Brimfield shaves police levy request, anticipating $1 million from federal stimulus

image of the brimfield town hall, a white siding and brick building, on a cloudy day
Brimfield Township Townhall Natalie Wolford/The Portager

Thanks to a financial windfall in the form of American Rescue Plan funds, Brimfield residents will decide on a 1.95-mill police levy in November instead of the originally planned 2.38-mill levy.

If voters approve the levy in November, instead of paying about $82 per $100,000 of property valuation, they will pay $68.

And instead of providing the police department with about $724,591 annually, the total amount coming from taxpayers will be closer to $594,823.

That $68 could well go even lower if the tax base increases. The total levy amount of $594,823 can never change, but the more property owners there are, the smaller each taxpayer’s portion gets. If voters pass the levy, that could be good news for property owners in a township undergoing rapid population growth.

The American Rescue Plan is a $1.9 trillion economic Covid-19 stimulus package headed to every city, village, county, and township government in America. Brimfield’s share is $1,082,078, divided into two payments of $541,039. The first payment is expected in a few months; the second at some unspecified date next year.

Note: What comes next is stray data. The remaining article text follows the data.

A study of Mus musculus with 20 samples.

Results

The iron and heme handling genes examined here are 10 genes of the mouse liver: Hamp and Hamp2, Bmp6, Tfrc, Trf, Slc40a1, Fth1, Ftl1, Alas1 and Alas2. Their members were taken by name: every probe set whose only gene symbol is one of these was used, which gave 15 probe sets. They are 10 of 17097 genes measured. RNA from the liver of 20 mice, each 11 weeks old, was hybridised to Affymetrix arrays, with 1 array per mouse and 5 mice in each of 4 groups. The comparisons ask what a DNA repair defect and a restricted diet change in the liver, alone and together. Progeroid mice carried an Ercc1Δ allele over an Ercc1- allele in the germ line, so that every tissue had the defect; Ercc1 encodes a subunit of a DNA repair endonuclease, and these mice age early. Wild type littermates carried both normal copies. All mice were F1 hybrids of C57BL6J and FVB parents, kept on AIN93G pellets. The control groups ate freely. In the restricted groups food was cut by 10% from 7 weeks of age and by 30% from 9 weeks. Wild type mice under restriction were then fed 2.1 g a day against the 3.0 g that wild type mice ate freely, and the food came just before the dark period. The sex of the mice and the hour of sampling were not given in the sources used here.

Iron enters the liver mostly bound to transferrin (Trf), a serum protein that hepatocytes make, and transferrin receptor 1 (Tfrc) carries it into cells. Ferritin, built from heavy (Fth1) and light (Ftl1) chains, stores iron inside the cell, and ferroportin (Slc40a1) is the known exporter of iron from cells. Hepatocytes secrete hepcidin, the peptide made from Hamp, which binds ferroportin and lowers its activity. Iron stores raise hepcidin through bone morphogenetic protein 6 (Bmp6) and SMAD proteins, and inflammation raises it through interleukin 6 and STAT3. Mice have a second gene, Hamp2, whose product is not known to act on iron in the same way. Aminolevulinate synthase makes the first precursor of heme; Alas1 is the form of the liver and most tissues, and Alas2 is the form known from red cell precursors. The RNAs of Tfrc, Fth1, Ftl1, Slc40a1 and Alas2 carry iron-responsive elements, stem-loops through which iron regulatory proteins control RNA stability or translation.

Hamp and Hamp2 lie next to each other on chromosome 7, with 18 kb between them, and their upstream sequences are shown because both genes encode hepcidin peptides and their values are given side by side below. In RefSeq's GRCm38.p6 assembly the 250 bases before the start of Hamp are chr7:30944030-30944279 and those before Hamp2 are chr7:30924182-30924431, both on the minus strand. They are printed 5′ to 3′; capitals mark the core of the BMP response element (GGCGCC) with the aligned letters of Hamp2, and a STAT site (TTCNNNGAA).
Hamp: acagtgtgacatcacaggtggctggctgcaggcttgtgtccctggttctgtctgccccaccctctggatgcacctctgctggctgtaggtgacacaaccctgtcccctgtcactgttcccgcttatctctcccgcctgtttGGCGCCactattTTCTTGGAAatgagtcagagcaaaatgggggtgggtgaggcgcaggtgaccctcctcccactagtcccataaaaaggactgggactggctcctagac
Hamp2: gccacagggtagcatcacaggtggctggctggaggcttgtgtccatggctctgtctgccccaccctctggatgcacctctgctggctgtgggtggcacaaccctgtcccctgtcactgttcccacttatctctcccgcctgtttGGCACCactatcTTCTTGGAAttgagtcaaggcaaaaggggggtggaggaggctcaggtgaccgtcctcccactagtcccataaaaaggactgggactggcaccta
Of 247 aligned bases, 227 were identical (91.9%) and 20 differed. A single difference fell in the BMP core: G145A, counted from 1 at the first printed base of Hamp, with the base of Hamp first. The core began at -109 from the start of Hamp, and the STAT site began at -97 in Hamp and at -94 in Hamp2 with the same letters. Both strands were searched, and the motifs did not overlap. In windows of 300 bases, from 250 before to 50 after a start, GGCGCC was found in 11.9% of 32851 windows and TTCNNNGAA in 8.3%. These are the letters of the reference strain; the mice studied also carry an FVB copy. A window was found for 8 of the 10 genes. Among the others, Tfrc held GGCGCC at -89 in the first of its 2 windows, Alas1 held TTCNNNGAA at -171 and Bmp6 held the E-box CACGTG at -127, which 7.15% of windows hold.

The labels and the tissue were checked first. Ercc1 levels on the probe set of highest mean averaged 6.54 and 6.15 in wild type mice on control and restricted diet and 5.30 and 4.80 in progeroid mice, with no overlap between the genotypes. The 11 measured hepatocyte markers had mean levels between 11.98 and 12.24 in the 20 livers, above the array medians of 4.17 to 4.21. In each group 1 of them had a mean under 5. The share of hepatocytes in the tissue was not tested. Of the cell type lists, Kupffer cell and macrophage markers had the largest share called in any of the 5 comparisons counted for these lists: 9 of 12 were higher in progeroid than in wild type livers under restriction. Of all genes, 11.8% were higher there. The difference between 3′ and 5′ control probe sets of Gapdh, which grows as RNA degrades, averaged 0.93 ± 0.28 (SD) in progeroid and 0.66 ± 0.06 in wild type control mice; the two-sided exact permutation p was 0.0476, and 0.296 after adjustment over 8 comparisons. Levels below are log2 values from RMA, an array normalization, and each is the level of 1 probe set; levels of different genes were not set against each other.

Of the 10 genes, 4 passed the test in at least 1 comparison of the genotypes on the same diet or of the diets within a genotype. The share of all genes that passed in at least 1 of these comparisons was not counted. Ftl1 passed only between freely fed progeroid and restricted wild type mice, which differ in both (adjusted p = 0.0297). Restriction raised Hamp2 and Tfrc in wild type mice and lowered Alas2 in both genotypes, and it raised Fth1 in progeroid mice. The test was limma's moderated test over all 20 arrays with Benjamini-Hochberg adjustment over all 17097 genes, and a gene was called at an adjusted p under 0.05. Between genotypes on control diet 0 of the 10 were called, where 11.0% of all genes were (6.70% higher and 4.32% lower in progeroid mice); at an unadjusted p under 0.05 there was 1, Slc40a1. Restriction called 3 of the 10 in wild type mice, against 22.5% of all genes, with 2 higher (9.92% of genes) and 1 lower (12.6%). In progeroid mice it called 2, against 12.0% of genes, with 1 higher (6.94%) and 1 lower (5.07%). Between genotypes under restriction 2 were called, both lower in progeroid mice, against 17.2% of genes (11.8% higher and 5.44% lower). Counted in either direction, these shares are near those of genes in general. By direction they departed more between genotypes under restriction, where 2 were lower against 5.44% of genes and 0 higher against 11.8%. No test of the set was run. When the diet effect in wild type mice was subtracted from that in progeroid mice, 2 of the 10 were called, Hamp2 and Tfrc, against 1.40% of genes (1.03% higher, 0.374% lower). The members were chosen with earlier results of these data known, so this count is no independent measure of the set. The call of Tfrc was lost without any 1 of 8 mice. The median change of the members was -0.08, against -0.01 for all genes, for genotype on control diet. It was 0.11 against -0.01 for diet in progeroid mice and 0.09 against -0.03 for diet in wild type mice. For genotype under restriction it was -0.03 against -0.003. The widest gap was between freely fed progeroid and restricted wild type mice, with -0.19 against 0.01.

The levy and stimulus funds would “allow us to add at least two additional patrolmen, continue our vehicle maintenance and exchange program, and continue to make technology upgrades for our officers,” Trustee Nic Coia said.

Levy approval would also mean money for equipment like battery-powered automated external defibrillator units, ballistics shields, upgraded body and dash cams and ongoing training for officers.

“When budgets get tight, the first thing that gets cut is training,” Brimfield Police Chief Roy Mosley told The Portager last month. “It’s important to me that we have that money to invest. Our officers want that and the community expects that.”

The township’s previous police levy was designed to last five years, but prudent fiscal stewardship stretched that six and a half years, Brimfield Police Captain Chris Adkins said.

“This levy will be to continue our funding for five more years, and also allow us to add more police officers,” Adkins said. “That is to deal with the increased call volume we’ve had. It’s not just numbers of calls, it’s the type of calls, and time spent on calls. When we have two people working, and they’re both in the Cascades area, there’s no one else patrolling the township.”

Mosley has stated that nearly half the township’s criminal complaints are generated from the township’s retail center. 

“Last year in 2020, nearly 70% of all theft reporting for our community occurred in this retail district,” he said.

Walmart alone drove police activity with a 54% increase in service calls from 2015-2020, and in 2019 nearly half of all theft reporting was from that location, he said. The Cascades and Maplecrest sometimes require multiple responses per day and per shift.

Also of concern is the township’s cluster of hotels along the Route 43/I-76 corridor. In 2015, Brimfield police responded to 295 calls to those hotels, a number that rocketed to 921 in 2019.

As of last month, there had already been 419 requests for police, Mosley said.

The federal money comes with strings, but Brimfield trustees believe their plans meet all stipulations. If they’re wrong, the money will have to be repaid, and government entities can expect audits of all stimulus expenditures, Portage County Auditor Janet Esposito has said.